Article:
1. Search Landscape - you can learn a lot about your competitors
We are however overwhelmed with data these days, so it really is about being laser focused on getting the insights you need. A Search Landscape, which is really a fancy word for a type of environmental analysis, can help you achieve this.
To do a Search Landscape you need to have a very clear understanding of what your users search for during their buying journey to build a list of strategic keywords. With some clever SEO tools to grab data from the web and our analysis we can identify:
- Your domains %share of search, categorised if needed by areas of your business
- Identify influential domains to benchmark against, be they competitors or publishers
- Discover content and pages which rank well for strategic keywords
- See how competitors earn links from other sites and what marketing they are doing
All of this can help inform the focus of your brand's marketing and influence your content marketing calendar or useful when planning a new website strategy. What's not to love about gleaning these types of insights?
2. Community - a large community of SEOs worldwide
The discipline of SEO is constantly evolving in line with algorithm changes from Google or Bing, but also in step with changes to website technologies.
SEO's are an unusual lot as they range from the seriously technical through to the fluffier content or digital PR side. Translating what can sometimes be highly technical into marketing strategies can be complicated - and over many years a global community of passionate SEO's has grown across the web sharing their insights and findings on forums like MOZ, blogs and publications like Search Engine Land.
The fact there is a global support network of SEOs is in my book something to love about SEO.
3. The one discipline that influences other business areas
SEO intrinsically touches nearly every part of a business. For example:
- When looking to optimise product naming to capture more searches we can train your buyers or product teams to write product names that are optimised for SEO. This means they are optimised at the start of the process not at the end.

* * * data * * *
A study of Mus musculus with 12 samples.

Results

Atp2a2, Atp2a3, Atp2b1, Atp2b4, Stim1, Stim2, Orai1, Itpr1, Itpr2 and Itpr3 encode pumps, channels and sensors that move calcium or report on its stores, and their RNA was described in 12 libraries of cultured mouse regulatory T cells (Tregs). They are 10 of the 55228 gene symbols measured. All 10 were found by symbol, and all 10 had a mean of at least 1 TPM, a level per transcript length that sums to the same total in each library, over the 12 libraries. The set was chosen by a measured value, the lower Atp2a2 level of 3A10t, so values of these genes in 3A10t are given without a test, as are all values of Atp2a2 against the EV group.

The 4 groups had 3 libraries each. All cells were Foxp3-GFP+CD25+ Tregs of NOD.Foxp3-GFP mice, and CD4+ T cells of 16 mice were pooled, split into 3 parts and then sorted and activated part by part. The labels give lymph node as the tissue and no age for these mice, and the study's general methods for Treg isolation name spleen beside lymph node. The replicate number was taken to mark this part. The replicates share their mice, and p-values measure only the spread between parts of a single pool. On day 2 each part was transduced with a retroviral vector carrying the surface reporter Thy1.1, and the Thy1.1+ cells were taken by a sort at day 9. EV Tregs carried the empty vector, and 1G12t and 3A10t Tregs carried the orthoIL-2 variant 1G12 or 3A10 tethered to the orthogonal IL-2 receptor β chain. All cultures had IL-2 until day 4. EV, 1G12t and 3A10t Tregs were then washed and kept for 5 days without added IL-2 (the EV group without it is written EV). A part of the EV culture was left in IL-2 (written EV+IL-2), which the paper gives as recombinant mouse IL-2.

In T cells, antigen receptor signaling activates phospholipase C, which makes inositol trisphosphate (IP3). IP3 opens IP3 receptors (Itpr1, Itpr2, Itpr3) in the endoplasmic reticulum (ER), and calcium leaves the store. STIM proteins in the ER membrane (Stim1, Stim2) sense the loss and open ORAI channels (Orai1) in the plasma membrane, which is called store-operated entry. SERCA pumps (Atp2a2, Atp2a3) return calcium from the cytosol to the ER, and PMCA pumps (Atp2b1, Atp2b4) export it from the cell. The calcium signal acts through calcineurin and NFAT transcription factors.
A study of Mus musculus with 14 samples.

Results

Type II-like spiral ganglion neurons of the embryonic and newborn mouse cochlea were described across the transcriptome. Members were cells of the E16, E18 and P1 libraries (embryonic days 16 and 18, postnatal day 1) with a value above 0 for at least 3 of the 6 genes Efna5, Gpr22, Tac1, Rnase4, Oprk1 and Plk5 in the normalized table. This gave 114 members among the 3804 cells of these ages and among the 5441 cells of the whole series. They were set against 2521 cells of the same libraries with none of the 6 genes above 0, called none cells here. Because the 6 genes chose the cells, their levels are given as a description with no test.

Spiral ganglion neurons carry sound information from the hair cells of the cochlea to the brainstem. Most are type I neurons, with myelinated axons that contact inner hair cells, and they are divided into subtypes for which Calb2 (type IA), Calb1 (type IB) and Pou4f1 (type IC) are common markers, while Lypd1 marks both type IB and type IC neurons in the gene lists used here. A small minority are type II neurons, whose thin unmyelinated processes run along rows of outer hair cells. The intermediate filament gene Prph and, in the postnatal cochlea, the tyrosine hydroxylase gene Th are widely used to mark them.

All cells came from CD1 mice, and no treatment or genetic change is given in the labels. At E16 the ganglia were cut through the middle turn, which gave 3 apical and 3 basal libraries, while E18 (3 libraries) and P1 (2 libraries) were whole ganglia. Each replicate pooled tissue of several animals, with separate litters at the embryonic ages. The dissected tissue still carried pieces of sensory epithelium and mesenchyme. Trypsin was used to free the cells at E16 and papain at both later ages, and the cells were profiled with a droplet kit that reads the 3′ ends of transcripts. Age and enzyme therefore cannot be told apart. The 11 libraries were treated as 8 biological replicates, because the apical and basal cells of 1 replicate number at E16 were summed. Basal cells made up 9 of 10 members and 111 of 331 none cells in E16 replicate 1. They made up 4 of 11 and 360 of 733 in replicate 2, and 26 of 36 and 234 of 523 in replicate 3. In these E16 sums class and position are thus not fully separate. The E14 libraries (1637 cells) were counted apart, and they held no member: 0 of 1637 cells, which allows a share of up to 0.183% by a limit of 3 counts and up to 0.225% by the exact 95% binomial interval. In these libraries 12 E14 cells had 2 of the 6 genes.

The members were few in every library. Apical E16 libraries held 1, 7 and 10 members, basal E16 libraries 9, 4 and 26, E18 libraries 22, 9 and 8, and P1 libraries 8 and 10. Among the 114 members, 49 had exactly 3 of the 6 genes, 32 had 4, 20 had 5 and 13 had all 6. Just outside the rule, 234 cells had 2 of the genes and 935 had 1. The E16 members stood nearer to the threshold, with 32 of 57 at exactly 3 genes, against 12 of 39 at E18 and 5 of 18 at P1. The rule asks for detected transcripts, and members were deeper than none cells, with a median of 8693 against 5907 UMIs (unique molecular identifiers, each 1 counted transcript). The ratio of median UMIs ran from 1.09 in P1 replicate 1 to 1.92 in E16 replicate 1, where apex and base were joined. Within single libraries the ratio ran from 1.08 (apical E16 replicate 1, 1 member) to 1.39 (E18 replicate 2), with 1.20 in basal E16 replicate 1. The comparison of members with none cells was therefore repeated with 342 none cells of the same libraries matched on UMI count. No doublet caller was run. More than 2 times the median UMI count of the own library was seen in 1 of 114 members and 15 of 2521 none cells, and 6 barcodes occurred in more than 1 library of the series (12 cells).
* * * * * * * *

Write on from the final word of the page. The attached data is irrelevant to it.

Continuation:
- When looking at developing a marketing campaign to engage audiences we can work with a local store or internal department to arrange giveaway prizes and do online PR to promote instore events to local media.
- Through creating guides and latest product or lifestyle articles for your customers to engage with online, SEOs work with your internal teams to develop a plan and create content for your users. Your published content gets widely shared, searched for and generates more traffic for your site.
The insights from SEO can help inform a better understanding of seasonality, user search behaviour and consequently influences content marketing or campaigns which are promoted further with paid advertising, social media and email.
One of the biggest things to love is that SEO is worth the investment as organic search often returns the best ROI online.
4. It's really about users
For years digital marketers have sought to get around Search Engines to give their clients competitive advantage - as methods have become increasingly sophisticated so has Google's ability to police standards on the web.
At the end of the day there is only one gold standard to create a Google-friendly website and it's a very straightforward principle - give your users a great experience online with great content that helps your users achieve their goals. Nobody likes dull overly promotional content.
What's not to love about setting the bar high for great SEO - it means putting user experience first for web design, development and content practices.
5. Skinny jeans and beards
Something to love about the digital industry and SEO is that there is often a more relaxed approach to workwear in the office.
Estate agents wear suits, workmen and women have overalls and SEOs wear anything but. What's not to love about self-expression.